Jim & Bob's Palatial Baseball Blog

Friday, February 08, 2008

New York Yankees 2008 Preview: The Joe is Dead, Long Live the Joe

2007...the year that sucked/was groovy (pick one)

The 2007 Yankees didn't go 162-0 and win the World Series in three games, so Yankees fan (and owner) will say that the year sucked. A rational, unspoiled fan would note that the Yankees went 94-68 despite yearlong problems with the starting rotation and much of the bullpen, and despite playing Doug Mientkiewicz at first base for a large part of the season. The Yankees passed on obtaining Johan Santana over the winter, but did remodel the manager's office, replacing Joe Torre with Joe Girardi.

They can put it on the board, yes!

Oh, can they ever. The 2007 Yankees were an offensive juggernaut, scoring an ungodly 968 runs, 5.98 per game. They led the league in both OBP and slugging, which is a pretty good way to score a lot of runs. Getting a career year from an inner circle Hall of Famer doesn't hurt, either, and Alex Rodriguez gave them that. I don't expect the 2008 team to score quite so early and so often, but even a falloff of 100 runs is still going to leave them as one of the two or three best offenses in the league.

CF-LF Johnny Damon
SS Derek Jeter
RF Bobby Abreu
3B Alex Rodriguez
LF-DH Hideki Matsui
C Jorge Posada
DH/CF Jason Giambi/Melky Cabrera
1B Morgan Ensberg/Shelley Duncan
2B Robinson Cano

Having a career .314 hitter with some power batting ninth isn't a bad option to have. The lineup comes with a number of caveats, however. As great as A-Rod is, he will likely fall back a bit. The next most productive hitter was a 35 year old catcher. Cano will be the only regular in the lineup under the age of 32. I don't see anyone in this lineup likely to have a better season that he did in 2007, and several candidates to fall off.

Pitchers or belly itchers?

The 2007 Yankees were almost exactly league average in runs allowed. The rotation was in a state of flux much of the year; they gave 38 starts to the likes of Kei Igawa, Tyler Clippard, Matt DeSalvo, Darrell Rasner, Sean Henn, Jeff Karstens, Carl Pavano, and Chase Wright. Mike Mussina had the worst year of his career, and Roger Clemens was league average and not the savior he was expected to be. The 2008 rotation will turn to youth:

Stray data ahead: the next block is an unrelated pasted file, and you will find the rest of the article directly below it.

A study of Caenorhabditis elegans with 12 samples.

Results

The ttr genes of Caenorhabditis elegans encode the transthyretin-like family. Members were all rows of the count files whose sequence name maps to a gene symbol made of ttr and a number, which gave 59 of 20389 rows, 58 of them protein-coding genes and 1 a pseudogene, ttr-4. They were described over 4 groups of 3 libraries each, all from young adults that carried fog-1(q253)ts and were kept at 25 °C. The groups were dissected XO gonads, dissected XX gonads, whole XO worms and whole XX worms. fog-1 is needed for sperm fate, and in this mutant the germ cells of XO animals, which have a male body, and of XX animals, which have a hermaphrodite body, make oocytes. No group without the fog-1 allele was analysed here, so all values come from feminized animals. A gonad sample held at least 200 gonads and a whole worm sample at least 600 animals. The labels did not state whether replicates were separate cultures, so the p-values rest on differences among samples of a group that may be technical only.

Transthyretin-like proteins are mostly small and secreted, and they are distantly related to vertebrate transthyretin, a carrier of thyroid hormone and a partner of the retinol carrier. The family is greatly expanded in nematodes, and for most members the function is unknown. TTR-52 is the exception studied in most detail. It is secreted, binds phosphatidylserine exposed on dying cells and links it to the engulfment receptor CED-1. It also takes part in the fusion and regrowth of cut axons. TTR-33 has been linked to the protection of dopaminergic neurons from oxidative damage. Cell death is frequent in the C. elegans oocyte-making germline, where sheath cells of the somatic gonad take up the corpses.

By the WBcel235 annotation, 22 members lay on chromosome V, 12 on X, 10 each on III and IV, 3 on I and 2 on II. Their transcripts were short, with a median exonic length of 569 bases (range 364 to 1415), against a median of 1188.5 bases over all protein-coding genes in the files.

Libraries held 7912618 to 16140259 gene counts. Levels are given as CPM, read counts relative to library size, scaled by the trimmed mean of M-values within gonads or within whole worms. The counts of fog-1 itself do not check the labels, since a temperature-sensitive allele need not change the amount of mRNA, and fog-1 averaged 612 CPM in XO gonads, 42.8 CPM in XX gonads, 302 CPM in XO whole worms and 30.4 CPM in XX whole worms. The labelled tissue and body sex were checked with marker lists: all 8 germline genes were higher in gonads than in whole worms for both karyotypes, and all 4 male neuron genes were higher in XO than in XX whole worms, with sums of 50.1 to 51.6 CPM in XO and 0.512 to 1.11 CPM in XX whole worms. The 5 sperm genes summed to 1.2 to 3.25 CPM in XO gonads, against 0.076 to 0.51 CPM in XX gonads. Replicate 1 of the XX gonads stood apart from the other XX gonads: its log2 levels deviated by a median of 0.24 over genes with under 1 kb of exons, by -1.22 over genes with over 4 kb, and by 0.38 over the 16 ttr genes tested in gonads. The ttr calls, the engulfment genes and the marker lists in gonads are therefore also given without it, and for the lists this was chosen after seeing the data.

SP Chien-Ming Wang
SP Andy Pettitte
SP Phillip Hughes
SP Joba Chamberlain
SP Mike Mussina/Ian Kennedy

CL Mariano Rivera
RP LaTroy Hawkins
RP Kyle Farnsworth

Mussina is 39 and can no longer be counted on either for health or front line pitching. Pettitte is 36 and can't go on forever either. Luckily for the Yankees, the kids are alright. Hughes and Chamberlain both have the potential to be #1 starters. Kennedy is more a #3 guy, but when you already have two #1's, a #3 is what you need. Wang is looking better to me every time I see him; his strikeout rate increased from an unsustainable 3.14 per nine innings to 4.70. Rivera slipped a bit in 2007; his hits per nine innings was the highest since his rookie year, although his strikeout rate bounced back up again.

Witnesses for the defense

In 2007 the Yankees were a pretty decent defensive team overall; they were third best in fewest errors and fifth in defensive efficiency. That's a bit hard to fathom from looking at some of the pieces, all of whom are a year deeper into their thirties this year. Jeter, for all of his other virtues, remains a horrible defensive shortstop. Damon can't throw a ball across a my living room. Having Cabrera in center for much of the season will help.

Farm aid

For years, the Steinbrenner Yankees focused on obtaining veterans and allowed the farm system to rot. This is no longer the case. The Yankees have a very strong system with a number of potential impact players, albeit many with considerable risk. Hughes, Chamberlain, and Kennedy are all ready for the rotation right now. Edwar Ramirez and Alan Horne may be in the bullpen by midseason. Outfielders Austin Jackson and Jose Tabata will team up at double A this year and are about a year and a half away. There are a number of high upside, high risk players at lower levels.

Watch out for that tree!

The warning comes too late for Giambi and Mussina; both have already crashed. As much as I love Jorge Posada, there is not a lot of precedent for a catcher to carry the workload he has as he gets closer to 40. Abreu, Damon, Jeter, and Matsui are each 34, and Pettitte is 36. The Yankees do have the resources to cover most of these, but a serious injury to Posada would be catastrophic.

I can make a hat, or a broach...

Despit having just spent several paragraphs talking about how old and decrepit the Yankees are, I still have to come to the conclusion that they are as good a bet as any to win 90+ games and reach the postseason. Brian Cashman and the rest of the Yankees staff has a huge financial advantage over the rest of MLB and they use it well; not only at the major league level but in the scouting and signing aspects as well. Having cash to burn helps the Yankees sign high risk, high upside prospects that other teams shy away from. Sure, many of them will crash and burn, but the ones who break through can become major stars.

After 12 years of Joe Torre, the Yankees are now managed by Joe Girardi. In his one year as manager of the Florida Marlins, Girardi guided a very young team to an unexpected 78-84 record, but may have done some serious damage to several of his young pitchers. With Hughes, Chamberlain, and Kennedy going into the rotation this year and the massive pressure to win with this team, that's something to keep an eye on.